How Eating Sugar Influences Sleep


“Just as a lack of sleep can cause our brain to trigger cravings for foods high in fat and sugar, what we eat most certainly has an impact on our overall sleep quality,” Dr. Kent Smith, DDS, D-ABDSM, ASBA, founding director of Sleep Dallas and president of the American Sleep & Breathing Academy, told Mattress Clarity via email.

We’re not saying people should lay off sweets entirely (we’re not insane), but it is helpful to understand how eating sugar might influence one’s ability to get a good night’s sleep. Once individuals grasp the relationship between sleep and sugar, they’ll be better equipped to satisfy that sweet tooth and the need for high-quality Zzzs.


A recent study, which was published in the Journal of Clinical Sleep Medicine, found that sugar consumption is linked to a higher chance of nighttime arousals, or waking up during the night.

This might be attributable to several causes, Dr. Carolyn Dean, MD, ND, and a Medical Advisory Board Member for the Nutritional Magnesium Association, told us.

One of those causes might simply be the energizing nature of sugar. “When people eat sugar close to bedtime, it can be too stimulating and interfere with sleep,” Dean says.

For some people, sugar exacerbates the symptoms of certain existing conditions, thus provoking sleep disruptions. “In some people who have intestinal dysbiosis and yeast overgrowth, the sugar can feed on intestinal organisms and contribute to heartburn, gas, and bloating, [thereby] keeping them awake,” says Dean.

Dean says excess sugar consumption may also deplete the body’s stores of magnesium, a mineral that plays a role in regulating the production of the sleep hormone melatonin. “Sugar causes magnesium deficiency because 28 molecules of magnesium are required to metabolize one molecule of sucrose (table sugar) and 56 molecules are required to metabolize one molecule of fructose,” she says.

And then there’s the issue of insulin. “The problem with high-glycemic foods or beverages [such as those containing large amounts of added sugars] is that they stimulate the release of high amounts of insulin,” Dr. Michael Platt, MD, founder of Platt Wellness, told Mattress Clarity. “This, in turn, causes a rapid drop in sugar levels, which will stimulate the release of adrenaline, which will impair a person’s sleep.”

Finally, excess sugar consumption may provoke inflammation throughout the body, which can negatively impact sleep in several ways. For instance, inflammation may elevate the number of cytokines (chemical messengers) in the body, which has been linked to insomnia and difficulty sleeping. Additionally, inflammation may exacerbate pain, which can make it harder to get comfortable and sleep soundly.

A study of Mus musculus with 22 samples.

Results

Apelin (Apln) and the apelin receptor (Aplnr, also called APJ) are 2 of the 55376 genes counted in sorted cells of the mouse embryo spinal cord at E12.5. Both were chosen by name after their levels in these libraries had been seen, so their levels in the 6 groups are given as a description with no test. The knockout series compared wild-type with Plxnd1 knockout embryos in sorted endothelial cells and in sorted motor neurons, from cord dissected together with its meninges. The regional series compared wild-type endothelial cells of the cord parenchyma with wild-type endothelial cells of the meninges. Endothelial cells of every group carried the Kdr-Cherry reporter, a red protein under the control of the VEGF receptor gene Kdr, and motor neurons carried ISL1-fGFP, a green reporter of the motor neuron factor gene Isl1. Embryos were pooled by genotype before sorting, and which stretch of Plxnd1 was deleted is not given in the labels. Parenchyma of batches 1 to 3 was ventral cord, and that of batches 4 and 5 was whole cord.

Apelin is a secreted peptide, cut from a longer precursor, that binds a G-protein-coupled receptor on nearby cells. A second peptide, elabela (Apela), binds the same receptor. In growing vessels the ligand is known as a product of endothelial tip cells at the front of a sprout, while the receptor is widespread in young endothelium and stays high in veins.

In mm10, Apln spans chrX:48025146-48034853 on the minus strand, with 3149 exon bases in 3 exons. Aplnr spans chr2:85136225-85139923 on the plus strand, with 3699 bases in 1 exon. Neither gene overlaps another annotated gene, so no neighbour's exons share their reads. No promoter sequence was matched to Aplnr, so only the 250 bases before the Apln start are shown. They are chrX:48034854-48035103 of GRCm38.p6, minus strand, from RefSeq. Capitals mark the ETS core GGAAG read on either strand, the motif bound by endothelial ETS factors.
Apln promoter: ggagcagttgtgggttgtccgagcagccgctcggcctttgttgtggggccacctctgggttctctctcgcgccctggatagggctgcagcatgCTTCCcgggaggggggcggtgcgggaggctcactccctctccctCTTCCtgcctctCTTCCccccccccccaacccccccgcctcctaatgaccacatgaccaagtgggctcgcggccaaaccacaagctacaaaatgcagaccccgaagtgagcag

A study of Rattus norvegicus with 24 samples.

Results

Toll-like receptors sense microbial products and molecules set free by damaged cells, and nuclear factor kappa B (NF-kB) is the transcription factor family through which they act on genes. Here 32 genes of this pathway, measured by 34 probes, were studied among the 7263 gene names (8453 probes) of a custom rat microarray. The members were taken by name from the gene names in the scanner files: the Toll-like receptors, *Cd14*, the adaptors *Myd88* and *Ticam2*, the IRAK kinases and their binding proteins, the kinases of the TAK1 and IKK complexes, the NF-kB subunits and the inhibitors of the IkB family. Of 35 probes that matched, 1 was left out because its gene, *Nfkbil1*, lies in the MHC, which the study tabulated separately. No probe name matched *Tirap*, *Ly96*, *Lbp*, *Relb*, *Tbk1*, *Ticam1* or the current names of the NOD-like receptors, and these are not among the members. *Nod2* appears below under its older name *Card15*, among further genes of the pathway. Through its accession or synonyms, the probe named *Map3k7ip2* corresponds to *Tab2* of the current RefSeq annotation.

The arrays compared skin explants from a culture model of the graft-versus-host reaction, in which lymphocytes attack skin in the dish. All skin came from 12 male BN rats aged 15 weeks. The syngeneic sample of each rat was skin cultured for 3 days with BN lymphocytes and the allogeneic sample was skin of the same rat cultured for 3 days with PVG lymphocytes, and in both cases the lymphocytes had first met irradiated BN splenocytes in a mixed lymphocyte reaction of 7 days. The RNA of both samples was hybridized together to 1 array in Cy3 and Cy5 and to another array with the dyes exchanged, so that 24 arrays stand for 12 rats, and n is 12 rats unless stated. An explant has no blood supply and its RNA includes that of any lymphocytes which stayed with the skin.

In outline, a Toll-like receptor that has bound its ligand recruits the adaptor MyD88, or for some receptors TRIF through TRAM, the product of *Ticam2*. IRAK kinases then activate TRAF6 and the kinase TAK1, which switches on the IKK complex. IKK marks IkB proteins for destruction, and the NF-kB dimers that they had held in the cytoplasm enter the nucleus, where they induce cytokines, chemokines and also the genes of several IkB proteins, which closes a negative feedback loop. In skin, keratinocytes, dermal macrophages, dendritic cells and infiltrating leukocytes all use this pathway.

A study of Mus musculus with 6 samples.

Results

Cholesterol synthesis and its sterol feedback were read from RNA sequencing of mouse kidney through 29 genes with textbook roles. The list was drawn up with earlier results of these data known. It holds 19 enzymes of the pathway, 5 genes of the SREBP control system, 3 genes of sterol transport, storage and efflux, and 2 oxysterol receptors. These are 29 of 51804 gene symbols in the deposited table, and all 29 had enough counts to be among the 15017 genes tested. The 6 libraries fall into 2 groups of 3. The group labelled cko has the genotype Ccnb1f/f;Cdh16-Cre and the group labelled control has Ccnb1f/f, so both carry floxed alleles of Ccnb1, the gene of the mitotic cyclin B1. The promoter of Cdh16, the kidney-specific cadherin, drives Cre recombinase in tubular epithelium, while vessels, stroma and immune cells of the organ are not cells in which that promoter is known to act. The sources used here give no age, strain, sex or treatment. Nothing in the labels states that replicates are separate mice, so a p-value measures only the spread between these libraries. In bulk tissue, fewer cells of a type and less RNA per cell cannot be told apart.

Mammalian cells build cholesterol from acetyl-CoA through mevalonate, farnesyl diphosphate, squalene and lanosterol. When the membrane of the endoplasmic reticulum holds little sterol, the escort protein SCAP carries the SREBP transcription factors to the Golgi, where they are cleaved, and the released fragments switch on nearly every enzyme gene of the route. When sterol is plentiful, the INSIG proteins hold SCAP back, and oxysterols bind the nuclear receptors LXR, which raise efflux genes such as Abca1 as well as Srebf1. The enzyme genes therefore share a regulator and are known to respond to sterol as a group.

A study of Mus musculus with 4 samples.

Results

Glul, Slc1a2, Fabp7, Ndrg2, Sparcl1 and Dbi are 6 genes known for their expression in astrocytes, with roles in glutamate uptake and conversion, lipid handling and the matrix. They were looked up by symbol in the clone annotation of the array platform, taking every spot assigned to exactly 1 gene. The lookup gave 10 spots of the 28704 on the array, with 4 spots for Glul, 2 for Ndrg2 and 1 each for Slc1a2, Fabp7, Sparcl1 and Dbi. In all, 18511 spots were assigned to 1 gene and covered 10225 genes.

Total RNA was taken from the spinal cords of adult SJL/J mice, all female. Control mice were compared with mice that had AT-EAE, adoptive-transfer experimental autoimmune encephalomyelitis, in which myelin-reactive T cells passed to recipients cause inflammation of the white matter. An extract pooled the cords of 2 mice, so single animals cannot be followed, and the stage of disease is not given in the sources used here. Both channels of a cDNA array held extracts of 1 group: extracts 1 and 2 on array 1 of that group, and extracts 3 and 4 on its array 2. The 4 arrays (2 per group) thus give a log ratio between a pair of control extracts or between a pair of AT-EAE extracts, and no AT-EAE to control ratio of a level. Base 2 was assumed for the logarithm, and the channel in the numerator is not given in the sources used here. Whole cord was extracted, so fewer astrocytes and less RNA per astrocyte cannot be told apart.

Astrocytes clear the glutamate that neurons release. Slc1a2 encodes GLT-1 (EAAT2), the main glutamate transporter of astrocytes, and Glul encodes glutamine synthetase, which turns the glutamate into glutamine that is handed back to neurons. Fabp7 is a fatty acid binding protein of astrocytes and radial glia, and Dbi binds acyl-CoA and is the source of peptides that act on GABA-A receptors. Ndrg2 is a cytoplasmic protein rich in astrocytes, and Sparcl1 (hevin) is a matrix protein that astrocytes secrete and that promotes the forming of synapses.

sugar and sleep

The word “sugar” includes everything from the natural sugars in fruits and vegetables to the added sugars found in processed candies, beverages, and so on. But do the sugars found in, say, a head of broccoli has the same effect as the added sugars in a cream-filled doughnut?

“While the different forms of sugar all have approximately the same effect on blood sugar levels, they differ in how quickly the digestive system can process them,” Caleb Backe, CPT, Health & Wellness Expert for Maple Holistics, told us. “For instance, simple sugars, such as fructose and glucose [which are found in fruits and foods and beverages made with added sweeteners], are processed rather rapidly. On the other hand, more complex carbohydrates [such as vegetables] take longer to be broken down and, therefore, have less of a direct effect on blood sugar content.”

In fact, Platt says some sugar in the body is essential to prevent nighttime wakeups. “The reason the body releases adrenaline is to raise sugar levels (glucose) for the brain via a process called gluconeogenesis,” he says. “The brain uses up fuel about every three to four hours. As a result, adrenaline levels peak around 2:30 am… By providing the right fuel for the brain at bedtime, it can help promote a better night’s sleep.”

Per Platt, the healthiest source of glucose for the brain is vegetables, because they’re generally low-glycemic and thus don’t provoke the insulin spikes that can cause a drop in sugar and a rush of adrenaline during the night. “The other fuel that the brain needs is ketones, [which] can be obtained from coconut oil or MCT oil,” he says.

Smith says people who have trouble sleeping may also want to experiment with adding foods that are rich in tryptophan, calcium, and/or magnesium to their diet. “These foods include leafy vegetables, tuna, eggs, whole grains, bananas, and pistachios,” he says.

All told, a growing body of research confirms that the way we eat can have a major impact on how (and whether) we sleep. As Smith puts it, “Eating a healthy, balanced diet provides the body with the nutrients it needs to sleep well.”

Featured image: Geinz Angelina/Shutterstock


Laura Newcomer is an Editor at Mattress Clarity, where she researches and writes sleep health articles. She's worked as a professional writer and editor for over a decade and her primary areas of interest include sleep, fitness, nutrition, eco-friendly living, education, and all things wellness.